The art of bringing your spirit, mind and body in unison with the surrounding environment is what defines the principle of yoga. Its range of health benefits are well known and often touted.
Through combining deep stretching with dynamic movement, yoga can help increase your overall mobility and improve recovery time after vigorous fitness sessions. However, yoga is often sold in a superficial manner, undermining several of its core practices. Misconceptions and misinformation is rampant.
Whether you are new to the art, or have been held back by certain misconceptions; bust out the yoga mat, strap on your GPS smartwatch, and settle by a scenic backdrop – by debunking the following yoga myths, you might well get into the spirit of things.
Myth: You can’t possibly pull off such intricate moves.
While there is no shortage of complex and at times intimidating yoga poses, there are a number of simpler routines to start with. Certain routines are even watered down versions of more complicated ones; and others are oriented to beginners as per their body type.
Unlike other forms of training, yoga doesn’t function at a singular pace. Responding to the needs of every unique individual, you can go about at a slower, rhythmic speed, while adopting simpler modifications.
Myth: You can’t lose weight with yoga.
Certainly, other forms of exercise such as running and cycling can aid in burning calories faster; yoga offers incremental progress to weight loss, while simultaneously improving strength, flexibility and overall balance.
Certain routines within power yoga or hot yoga are designed to get your heart rate up, thereby increasing sweating and shedding off calories. You can tone done and elongate muscles and limbs, improving your overall posture. A smartwatch with HR monitor can give you insight into you fluctuating heart rate and even count calories burned.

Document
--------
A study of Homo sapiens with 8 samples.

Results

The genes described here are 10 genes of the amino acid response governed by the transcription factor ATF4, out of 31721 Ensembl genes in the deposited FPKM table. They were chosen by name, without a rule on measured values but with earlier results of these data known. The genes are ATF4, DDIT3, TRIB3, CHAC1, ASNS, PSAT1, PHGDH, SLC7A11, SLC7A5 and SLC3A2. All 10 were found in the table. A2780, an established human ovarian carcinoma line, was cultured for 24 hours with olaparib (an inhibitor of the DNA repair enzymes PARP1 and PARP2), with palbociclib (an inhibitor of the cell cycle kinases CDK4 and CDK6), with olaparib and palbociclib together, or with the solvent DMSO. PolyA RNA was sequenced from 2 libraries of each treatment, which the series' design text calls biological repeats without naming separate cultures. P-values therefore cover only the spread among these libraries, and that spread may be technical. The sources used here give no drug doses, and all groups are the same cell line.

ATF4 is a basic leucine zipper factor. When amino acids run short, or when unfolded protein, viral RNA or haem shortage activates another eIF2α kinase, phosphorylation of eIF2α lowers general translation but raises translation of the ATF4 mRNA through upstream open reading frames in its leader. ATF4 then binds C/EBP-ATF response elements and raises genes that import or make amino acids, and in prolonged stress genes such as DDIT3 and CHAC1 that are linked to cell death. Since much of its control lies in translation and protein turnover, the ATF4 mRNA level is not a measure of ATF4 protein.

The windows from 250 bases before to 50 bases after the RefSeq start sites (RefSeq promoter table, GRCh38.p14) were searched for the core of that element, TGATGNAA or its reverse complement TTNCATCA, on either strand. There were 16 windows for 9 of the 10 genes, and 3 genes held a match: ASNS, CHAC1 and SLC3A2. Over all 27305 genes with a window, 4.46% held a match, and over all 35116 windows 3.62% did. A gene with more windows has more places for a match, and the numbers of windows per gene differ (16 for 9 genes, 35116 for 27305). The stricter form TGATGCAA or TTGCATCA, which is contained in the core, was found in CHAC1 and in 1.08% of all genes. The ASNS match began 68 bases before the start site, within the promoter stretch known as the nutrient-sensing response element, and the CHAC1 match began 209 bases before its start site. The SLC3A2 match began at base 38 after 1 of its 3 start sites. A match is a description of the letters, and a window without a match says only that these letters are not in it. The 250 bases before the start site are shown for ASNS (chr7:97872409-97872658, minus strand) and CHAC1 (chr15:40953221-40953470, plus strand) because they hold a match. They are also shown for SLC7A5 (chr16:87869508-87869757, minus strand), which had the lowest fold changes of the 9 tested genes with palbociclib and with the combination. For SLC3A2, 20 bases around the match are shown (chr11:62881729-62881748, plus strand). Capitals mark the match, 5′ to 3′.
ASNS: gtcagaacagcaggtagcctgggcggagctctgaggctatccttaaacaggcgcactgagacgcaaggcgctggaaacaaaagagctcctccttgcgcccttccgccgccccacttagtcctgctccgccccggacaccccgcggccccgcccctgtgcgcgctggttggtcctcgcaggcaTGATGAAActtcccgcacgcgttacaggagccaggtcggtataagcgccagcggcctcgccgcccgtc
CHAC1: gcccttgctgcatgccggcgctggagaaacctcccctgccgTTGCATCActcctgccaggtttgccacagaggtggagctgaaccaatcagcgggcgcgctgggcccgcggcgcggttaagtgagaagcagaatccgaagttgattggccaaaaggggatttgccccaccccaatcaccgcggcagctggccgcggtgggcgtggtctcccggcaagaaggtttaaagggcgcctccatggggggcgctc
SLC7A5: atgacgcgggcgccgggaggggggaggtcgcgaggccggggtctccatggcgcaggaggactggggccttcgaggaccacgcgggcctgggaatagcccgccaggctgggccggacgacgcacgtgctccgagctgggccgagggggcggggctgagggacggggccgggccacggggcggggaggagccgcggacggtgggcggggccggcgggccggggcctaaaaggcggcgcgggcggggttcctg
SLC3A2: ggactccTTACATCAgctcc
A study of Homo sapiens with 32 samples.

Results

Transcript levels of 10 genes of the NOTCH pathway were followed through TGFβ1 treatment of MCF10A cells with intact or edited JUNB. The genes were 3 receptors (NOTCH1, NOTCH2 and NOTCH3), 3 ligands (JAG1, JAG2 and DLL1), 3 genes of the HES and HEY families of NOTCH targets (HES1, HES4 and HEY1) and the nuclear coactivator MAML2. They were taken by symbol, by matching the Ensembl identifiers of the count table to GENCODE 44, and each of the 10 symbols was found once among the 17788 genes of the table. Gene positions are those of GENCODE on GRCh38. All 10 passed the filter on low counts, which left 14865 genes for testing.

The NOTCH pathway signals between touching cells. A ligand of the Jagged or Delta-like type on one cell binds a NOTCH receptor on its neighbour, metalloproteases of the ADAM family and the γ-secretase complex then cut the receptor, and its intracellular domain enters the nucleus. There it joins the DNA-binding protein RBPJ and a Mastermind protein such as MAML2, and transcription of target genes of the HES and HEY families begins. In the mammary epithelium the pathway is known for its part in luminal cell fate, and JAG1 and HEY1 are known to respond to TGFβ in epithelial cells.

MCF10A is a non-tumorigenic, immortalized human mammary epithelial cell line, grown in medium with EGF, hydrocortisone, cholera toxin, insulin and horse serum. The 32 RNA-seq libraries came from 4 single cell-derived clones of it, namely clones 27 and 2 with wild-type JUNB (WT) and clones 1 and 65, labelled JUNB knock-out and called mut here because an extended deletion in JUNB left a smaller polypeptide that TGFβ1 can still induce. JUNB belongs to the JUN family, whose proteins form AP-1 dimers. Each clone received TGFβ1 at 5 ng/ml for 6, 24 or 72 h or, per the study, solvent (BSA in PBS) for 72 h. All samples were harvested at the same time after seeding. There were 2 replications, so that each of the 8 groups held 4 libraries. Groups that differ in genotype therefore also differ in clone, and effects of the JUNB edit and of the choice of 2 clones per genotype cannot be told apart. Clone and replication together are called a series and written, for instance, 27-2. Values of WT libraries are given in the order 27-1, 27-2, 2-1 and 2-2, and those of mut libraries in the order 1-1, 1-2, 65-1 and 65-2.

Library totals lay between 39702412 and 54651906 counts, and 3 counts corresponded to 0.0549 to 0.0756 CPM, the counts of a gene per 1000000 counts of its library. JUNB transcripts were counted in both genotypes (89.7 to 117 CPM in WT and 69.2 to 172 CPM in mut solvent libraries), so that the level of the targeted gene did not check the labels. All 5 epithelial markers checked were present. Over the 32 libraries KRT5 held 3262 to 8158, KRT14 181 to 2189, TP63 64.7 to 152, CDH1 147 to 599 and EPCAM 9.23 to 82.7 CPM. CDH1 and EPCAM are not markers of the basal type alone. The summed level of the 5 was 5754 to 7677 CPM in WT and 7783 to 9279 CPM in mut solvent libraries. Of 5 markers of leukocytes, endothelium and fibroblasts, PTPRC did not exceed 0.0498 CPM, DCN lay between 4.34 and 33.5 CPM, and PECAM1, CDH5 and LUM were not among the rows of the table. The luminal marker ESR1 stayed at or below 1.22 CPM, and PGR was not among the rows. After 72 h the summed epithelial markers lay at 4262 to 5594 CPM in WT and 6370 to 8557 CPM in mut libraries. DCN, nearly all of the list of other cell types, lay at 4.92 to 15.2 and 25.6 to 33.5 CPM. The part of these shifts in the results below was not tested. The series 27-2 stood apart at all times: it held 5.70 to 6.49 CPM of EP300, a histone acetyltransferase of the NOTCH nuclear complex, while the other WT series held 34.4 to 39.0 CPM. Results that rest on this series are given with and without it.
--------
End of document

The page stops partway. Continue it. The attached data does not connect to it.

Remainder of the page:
Myth: The chanting is mandatory.
There is no compulsion to have to chant through a yoga session. Certain styles which lean towards chanting are often geared towards individuals who may have difficulty in clearing their mind.
Simple deep breathing and light stretching can help increase circulation and relax your mind, before you slide into a pose. The ColorFit Nav with a dedicated sports mode for yoga can track your session, and also assist in getting control of your breath, via its integrated Breathe Mode.
Myth: If you aren’t flexible, you cannot perform.
Do not be deterred by a lack of flexibility; with time and repetition your muscles will gradually loosen up, decreasing stiffness. Athletes often can benefit from yoga post their intense training sessions, as it helps decrease the likelihood of sustaining any injuries.
As long term flexibility increases, your body can better cope with the sudden pivots and bursts of speed, demanded by the nature of sports. You can double down by getting a dedicated fitness tracker that can track your performance during training, and guide you through yoga sessions after.
Myth: Isn’t yoga a religious practice?
Despite having its root in ancient India, the practice of yoga bears no correlation to any religion. Such misrepresentation often hurts its images, as it is on the contrary grounded in science and wellness.
Yoga aims to invoke the divinity within you, rather than having you reach out for external divine forces. Hymns or mantras aren’t reaching out to any deity, but instead are being internalized to stir your inner consciousness.
Myth: Men do not opt for yoga.
A drawn out stereotype coinciding with a myth - yoga isn’t only beneficial to women. Men can enjoy the same range of health and wellness benefits, as long as they are willing to have a change in perception.
While yoga doesn’t contribute directly to mass increase or muscle growth, it can help prevent wear and tear, improving your endurance and sustainability post a weight intensive workout. A multi-sport smartwatch such as the NoiseFit Evolove can help to monitor your progress both at the gym and the yoga center.
Myth: Yoga is not for seniors.
There being no right age to start yoga, the concept of missing the boat doesn’t exist. Older people with no prior yoga experience mustn’t hesitate to give it a try - particularly due to the many health benefits it provides to the aging populous.
Older folk can perform several simpler routines with a keen focus on their breath. Rather than power yoga, slow flow or chair yoga is much more geared towards seniors. From facilitating stress relief and inducing relaxation, yoga can improve their daily balance.
Do not be deterred by distractions and misconception; zip out your smart wearables and put on the best yoga attire, as you bring to harmony your mind, body and soul.